The board members, who held their annual meeting at Bloomberg BNA headquarters in Arlington, Va., also discussed other critical issues for payroll departments, including international payroll, local minimum wage and hour requirements and the Affordable Care Act.
Multistate sourcing, especially when related to deferred compensation, is a big issue for audit purposes, said Patrick McKenna, CPA, tax director for Prudential Financial Inc. Payroll departments need to know the years to which the services relate, along with salary and other compensation, he said.
The overall allocation is important, especially for employees who travel, said Fred A. Basehore Jr., CPP, senior manager for KPMG's international executive services and employment tax practice.
If employees spend too much time in one place, their tax home shifts, Basehore said.
When it comes to taxation, Basehore said: “A lot of states have de minimis rules. Some states have no de minimis rules—it's just instant.”
Multistate taxation generally should be looked at every pay period, with an eye on the trailing period, said Charlotte Hodges, CPP, payroll manager for Towers Watson & Co.
“Sourcing of the trailing equity is a big question,” Hodges said. In some cases, employees who travel to a high-taxation state might wonder if another state with lower tax rates would be more appropriate. The real issue is that a tax obligation might exist no matter where the employee travels, she said.
“You have to look to the state to see what the rules are,” Hodges said.
Most employers do not have to deal with mergers and acquisitions, but those cases raise the question of overlapping workweeks, said Martin Armstrong, CPP, vice president of payroll shared services for Time Warner Cable Inc.
Having a successful transition to a new workweek requires using the correct dates, Armstrong said.
Understanding tax rules and keeping compliant are ongoing challenges for most payroll departments.
“It's a one-time event, and you can’t believe how many people can’t get that right,” Armstrong said.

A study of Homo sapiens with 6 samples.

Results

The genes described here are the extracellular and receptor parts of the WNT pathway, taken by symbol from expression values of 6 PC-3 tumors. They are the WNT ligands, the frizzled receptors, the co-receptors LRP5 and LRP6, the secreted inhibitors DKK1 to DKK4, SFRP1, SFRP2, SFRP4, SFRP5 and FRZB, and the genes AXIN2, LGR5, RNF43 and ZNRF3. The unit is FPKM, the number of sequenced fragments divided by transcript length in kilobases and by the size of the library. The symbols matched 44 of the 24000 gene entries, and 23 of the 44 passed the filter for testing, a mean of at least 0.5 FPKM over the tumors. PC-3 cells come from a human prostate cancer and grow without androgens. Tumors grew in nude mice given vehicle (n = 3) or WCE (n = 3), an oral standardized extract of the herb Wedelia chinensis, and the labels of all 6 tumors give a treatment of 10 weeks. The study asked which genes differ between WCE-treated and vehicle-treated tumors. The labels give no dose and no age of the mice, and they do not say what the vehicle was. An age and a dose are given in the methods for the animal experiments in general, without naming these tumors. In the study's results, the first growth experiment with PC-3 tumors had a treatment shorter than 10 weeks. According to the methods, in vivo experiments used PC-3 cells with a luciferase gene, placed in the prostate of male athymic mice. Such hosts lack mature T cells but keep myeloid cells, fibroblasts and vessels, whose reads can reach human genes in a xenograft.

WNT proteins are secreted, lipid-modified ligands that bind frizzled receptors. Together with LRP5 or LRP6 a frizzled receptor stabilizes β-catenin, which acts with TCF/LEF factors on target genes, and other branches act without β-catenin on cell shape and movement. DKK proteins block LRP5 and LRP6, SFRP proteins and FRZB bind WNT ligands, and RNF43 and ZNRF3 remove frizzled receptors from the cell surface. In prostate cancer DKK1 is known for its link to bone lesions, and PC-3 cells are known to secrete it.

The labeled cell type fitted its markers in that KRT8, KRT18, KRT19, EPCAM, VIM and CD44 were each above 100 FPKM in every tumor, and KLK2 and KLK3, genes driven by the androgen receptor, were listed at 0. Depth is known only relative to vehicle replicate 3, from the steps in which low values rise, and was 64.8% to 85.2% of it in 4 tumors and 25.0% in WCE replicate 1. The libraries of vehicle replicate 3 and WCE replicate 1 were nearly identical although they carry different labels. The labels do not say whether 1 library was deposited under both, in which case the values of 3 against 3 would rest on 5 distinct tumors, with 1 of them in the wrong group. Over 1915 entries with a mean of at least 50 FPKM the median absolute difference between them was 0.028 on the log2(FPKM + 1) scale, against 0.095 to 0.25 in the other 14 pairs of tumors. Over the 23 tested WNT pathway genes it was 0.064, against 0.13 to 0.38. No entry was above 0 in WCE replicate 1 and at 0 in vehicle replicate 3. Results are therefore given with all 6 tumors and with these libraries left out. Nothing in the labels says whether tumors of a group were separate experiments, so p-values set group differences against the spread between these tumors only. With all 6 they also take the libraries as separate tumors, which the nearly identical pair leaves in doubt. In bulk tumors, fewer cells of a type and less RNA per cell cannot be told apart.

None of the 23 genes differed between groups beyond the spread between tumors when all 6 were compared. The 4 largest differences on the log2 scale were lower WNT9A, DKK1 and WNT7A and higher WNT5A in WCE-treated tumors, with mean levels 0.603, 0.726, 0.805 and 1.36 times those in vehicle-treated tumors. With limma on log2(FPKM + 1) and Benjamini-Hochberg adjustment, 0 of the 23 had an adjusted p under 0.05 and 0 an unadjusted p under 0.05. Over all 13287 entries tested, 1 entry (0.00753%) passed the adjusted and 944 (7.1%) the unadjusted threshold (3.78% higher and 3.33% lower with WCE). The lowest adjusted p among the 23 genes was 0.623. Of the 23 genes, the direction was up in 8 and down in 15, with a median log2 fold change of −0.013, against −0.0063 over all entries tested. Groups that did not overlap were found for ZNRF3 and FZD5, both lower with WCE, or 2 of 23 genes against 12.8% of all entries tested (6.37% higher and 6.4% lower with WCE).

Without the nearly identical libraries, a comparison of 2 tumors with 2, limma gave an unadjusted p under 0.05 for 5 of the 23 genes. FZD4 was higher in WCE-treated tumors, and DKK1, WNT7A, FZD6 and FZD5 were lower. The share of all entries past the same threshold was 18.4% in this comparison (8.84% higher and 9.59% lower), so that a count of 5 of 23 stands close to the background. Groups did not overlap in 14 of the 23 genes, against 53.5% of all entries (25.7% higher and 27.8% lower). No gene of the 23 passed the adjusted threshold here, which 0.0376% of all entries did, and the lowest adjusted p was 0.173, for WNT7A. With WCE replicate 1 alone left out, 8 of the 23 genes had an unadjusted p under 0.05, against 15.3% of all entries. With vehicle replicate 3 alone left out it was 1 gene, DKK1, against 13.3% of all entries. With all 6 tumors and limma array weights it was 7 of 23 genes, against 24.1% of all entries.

At the international level, knowing what is taxable from one country to the next can be complicated, said Barbara Youngman, CPP, president of the American Payroll Association and a consultant on payroll issues.
“Go into a country, you have to know what’s taxable,” she said. “If you bring in lunch, it’s taxable to those employees. So try to understand what those fringe benefits are: What is taxable in those countries?”
Overseas employers often think U.S. taxable fringe-benefit laws are strict, Basehore said, but the same could be said of foreign tax rules.
“There are some countries where even a 39-cent pen, if that’s given as a gift, that’s taxable,” Basehore said. “And it's no questions asked. You’ve got to do it.”
The Affordable Care Act, with key provisions for employers taking effect in 2015, is a major focus for payroll departments, said Lois Fried, CPP, a senior learning specialist for Automatic Data Processing LLC.
The law has a number of requirements that affect payroll processing, including employer shared responsibility provisions and information reporting requirements. Many employers are to confront a 40 percent excise tax on high-cost health plans, which is to take effect in 2018.
For employers, information on ACA tax policies is critical for payroll processing, Fried said.
Compliance is a critical aspect of the payroll process, with questions centering on what is correct or incorrect, Hodges said. “Metrics and analytics help us stay in compliance,” especially in a rapidly changing policy environment, she said.
Although changes to federal and state payroll requirements generally occur on a predictable schedule, such as annually, local jurisdictions often make changes with little warning, Hodges said, adding that payroll departments do not want to miss important policy changes.
States and localities also have been changing their minimum wages and requiring leave and other benefits with greater frequency, said Brent R. Gow, CPP, director of global payroll consulting and compliance for Starbucks Coffee Co. Some of those changes can have a big effect on garnishments, he said. Large organizations with operations in these localities are struggling to keep up with these changes and stay compliant.
Fried agreed that compliance was a key element of payroll.
“That’s one thing about payroll professionals and practitioners, and human resource and benefits—everybody looks at ways to be in compliance,” Fried said. “We want to do things right.”
The deadline for Bloomberg BNA's and Ernst and Young LLP's multistate income tax survey was extended to Aug. 21. Participants are to receive a complimentary copy of the results.
To contact the reporter on this story: Michael Trimarchi in Washington at firstname.lastname@example.org.